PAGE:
Our Views: Don’t reward Martins’ tactics
Posted: Thursday, August 25, 2016 10:37 am
If chutzpah and hypocrisy were an Olympic event, Jack Martins’ request to delay the general election for the 3rd Congressional District until Dec. 6 would be a safe bet to win gold.
Martins asked a federal court judge for the delay last week after another federal judge ruled that Martins had to face Glen Cove Republican Philip Pidot in a Republican primary to be held on Oct. 6.
The Old Westbury state senator is arguing that holding the general election on Nov. 8 would give military personnel serving overseas only 32 days to cast their absentee ballots rather than the 45 required under federal law.
This concern for counting every vote is commendable.
But coming from Martins, it is kind of like the man who kills his parents and asks the court for mercy because he is an orphan.
Martins, with the energetic backing of the Nassau County Republican Party, has for the last three months waged a relentless battle in state and federal court to keep Pidot from opposing him in a primary, an effort that would have disenfranchised thousands of registered Republicans who sought an alternative to the party-backed candidate.
This effort was led by John Ciampoli, an election lawyer who was named county attorney in 2009 to gerrymander the district maps of the Nassau County Legislature. Ciampoli was so successful in his effort that Republicans are virtually assured a majority in the Legislature until 2022 — despite Democrats’ lead in the county in registered voters.
And Martins’ effort to keep opponents off the ballot has not been limited to Pidot.
He has also challenged the petitions of Tom Suozzi, a former Nassau County executive who won a five-way Democratic primary and then filed petitions to also run on a Fix Washington line, and LIberterian nominee Michael McDermott. The state Board of Elections ruled last week that Suozzi had enough signatures to be on the Fix Washington line during the general election. A court earlier ruled on McDermott’s behalf.
Accommodating Martins’ newfound concern for counting every vote would mean the opening of polling stations a second time in two months, costing taxpayers millions of dollars. Two years ago, 1,012 people — about 0.2 percent of the district’s 485,000 active registered voters — cast ballots overseas. It is unknown how many of the 1,012 people needed more than the 32 days now available to cast their votes.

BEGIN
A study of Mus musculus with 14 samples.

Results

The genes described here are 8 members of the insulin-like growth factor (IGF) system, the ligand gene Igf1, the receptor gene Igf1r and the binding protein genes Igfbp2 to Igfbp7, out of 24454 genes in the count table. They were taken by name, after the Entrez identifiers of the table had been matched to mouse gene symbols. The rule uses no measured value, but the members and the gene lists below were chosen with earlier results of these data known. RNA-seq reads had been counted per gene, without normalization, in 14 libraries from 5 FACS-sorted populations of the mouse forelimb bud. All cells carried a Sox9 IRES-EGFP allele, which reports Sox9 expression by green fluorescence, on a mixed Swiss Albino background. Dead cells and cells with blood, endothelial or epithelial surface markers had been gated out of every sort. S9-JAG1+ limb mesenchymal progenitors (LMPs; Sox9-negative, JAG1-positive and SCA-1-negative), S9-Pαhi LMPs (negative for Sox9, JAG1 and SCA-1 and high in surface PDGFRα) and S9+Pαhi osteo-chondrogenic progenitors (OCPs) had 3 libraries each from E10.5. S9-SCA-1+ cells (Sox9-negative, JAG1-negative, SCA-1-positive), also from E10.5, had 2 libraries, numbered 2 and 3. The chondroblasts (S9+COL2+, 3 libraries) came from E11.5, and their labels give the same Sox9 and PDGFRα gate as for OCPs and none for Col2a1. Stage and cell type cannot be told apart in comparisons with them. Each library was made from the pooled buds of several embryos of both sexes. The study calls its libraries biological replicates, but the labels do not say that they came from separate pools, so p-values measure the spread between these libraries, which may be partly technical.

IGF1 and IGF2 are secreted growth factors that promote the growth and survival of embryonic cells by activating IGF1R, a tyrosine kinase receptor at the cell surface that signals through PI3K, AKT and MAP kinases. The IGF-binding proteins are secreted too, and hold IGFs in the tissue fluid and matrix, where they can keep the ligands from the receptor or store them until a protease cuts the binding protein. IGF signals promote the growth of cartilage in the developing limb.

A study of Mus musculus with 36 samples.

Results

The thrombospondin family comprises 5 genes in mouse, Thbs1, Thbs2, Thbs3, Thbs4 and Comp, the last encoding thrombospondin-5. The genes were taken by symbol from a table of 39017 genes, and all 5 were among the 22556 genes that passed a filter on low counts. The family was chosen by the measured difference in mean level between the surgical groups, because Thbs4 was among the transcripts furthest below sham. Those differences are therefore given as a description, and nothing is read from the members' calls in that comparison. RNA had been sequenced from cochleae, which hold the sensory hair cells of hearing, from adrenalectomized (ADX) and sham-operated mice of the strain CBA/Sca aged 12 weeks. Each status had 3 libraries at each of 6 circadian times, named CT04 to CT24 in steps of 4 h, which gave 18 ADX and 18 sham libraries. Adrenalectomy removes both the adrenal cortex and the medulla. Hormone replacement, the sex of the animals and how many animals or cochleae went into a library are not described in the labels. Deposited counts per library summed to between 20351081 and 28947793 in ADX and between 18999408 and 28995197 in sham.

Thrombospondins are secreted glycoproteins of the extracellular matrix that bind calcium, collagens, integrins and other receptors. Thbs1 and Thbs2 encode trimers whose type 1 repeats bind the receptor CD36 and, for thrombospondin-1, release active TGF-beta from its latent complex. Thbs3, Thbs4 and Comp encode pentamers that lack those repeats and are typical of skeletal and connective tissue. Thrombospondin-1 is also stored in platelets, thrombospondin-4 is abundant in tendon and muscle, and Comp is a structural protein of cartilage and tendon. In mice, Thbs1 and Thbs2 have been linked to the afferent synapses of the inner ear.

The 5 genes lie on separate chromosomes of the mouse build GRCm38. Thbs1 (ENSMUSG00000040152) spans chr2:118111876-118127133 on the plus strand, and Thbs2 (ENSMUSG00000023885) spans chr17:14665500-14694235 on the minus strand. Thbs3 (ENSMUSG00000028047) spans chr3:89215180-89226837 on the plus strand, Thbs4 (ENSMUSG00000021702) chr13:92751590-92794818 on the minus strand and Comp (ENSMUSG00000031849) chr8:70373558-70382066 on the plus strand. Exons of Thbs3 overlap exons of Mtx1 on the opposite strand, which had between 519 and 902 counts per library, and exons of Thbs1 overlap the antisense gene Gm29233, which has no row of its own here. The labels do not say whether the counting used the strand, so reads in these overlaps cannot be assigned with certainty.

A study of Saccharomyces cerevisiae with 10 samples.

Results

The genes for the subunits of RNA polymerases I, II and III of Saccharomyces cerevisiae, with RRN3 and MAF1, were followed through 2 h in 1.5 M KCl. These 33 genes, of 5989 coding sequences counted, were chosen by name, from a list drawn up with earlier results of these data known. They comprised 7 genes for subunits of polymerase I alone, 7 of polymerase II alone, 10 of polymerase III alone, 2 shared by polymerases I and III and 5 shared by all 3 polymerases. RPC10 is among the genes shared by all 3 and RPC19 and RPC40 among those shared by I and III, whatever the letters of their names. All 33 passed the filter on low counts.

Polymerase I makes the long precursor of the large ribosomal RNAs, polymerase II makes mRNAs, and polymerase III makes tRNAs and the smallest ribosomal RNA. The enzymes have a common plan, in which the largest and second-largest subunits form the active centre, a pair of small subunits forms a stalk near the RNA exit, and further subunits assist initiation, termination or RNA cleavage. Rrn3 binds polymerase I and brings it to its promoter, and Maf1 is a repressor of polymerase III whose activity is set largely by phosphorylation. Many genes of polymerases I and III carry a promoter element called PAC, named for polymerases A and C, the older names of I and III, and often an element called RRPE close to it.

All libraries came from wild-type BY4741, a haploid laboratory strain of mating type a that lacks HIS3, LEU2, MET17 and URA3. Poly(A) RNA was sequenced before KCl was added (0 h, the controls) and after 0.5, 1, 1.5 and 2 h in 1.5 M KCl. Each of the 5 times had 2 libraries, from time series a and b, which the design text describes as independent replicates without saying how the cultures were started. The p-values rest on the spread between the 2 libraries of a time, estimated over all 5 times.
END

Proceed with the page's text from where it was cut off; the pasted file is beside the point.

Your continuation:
Apparently, Martins’ oft-expressed call for eliminating government waste does not extend to elections in which he is a candidate.
Moving the election to December would also mean asking election-fatigued voters to return to the polling booths in the middle of the holiday season, a month after a general election headlined by Republican Donald Trump and Democrat Hillary Clinton.
During the last presidential election year in 2012, more than 270,000 people cast their votes in the 3rd Congressional District. Given the emotion generated by the Trump and Clinton campaigns the turnout could be even more.
Martins’ legal machinations would be asking everyone who votes in November to return to the polls in December. Or perhaps not.
In 2014, during a nonpresidential election season but with other races on the ballot, only 164,000 people voted in the 3rd Congressional District.
There is no way to predict how many people would actually vote on Dec. 6.
But short of a deadlock in the House after the November election, we can safely assume turnout will be far lower than if the election is held on Nov. 8.
Perhaps this is what Martins is hoping for.
The Democratic Congressional Campaign Committee, the official campaign arm of Democrats in the House, released a poll last week showing that Suozzi led Martins by 16 percentage points.
Nearly 4 in 10 voters in the poll also said that Martins’ continued support of Trump makes them less likely to vote for Martins.
Martins has been carefully calibrating his support for Trump for months, presumably out of concern for his own election prospects. He said in May — before the Republican nomination was decided — he would support whoever was the Republican nominee, including Trump. In August, he said he would vote for Trump, but not endorse him, whatever that means.
Moving the election to December would allow Martins to distance himself further from Trump if Trump loses in the general election — and perhaps closer if he wins. And if off-year election results — which usually favor Republicans — are a guide, the lower turnout would also favor Martins.
All of which would reward Martins for his months of party-backed obstruction and penalize 3rd District voters.
We hope the court has the sense to see through this, grants a waiver on the overseas ballot law and keeps the election on Election Day.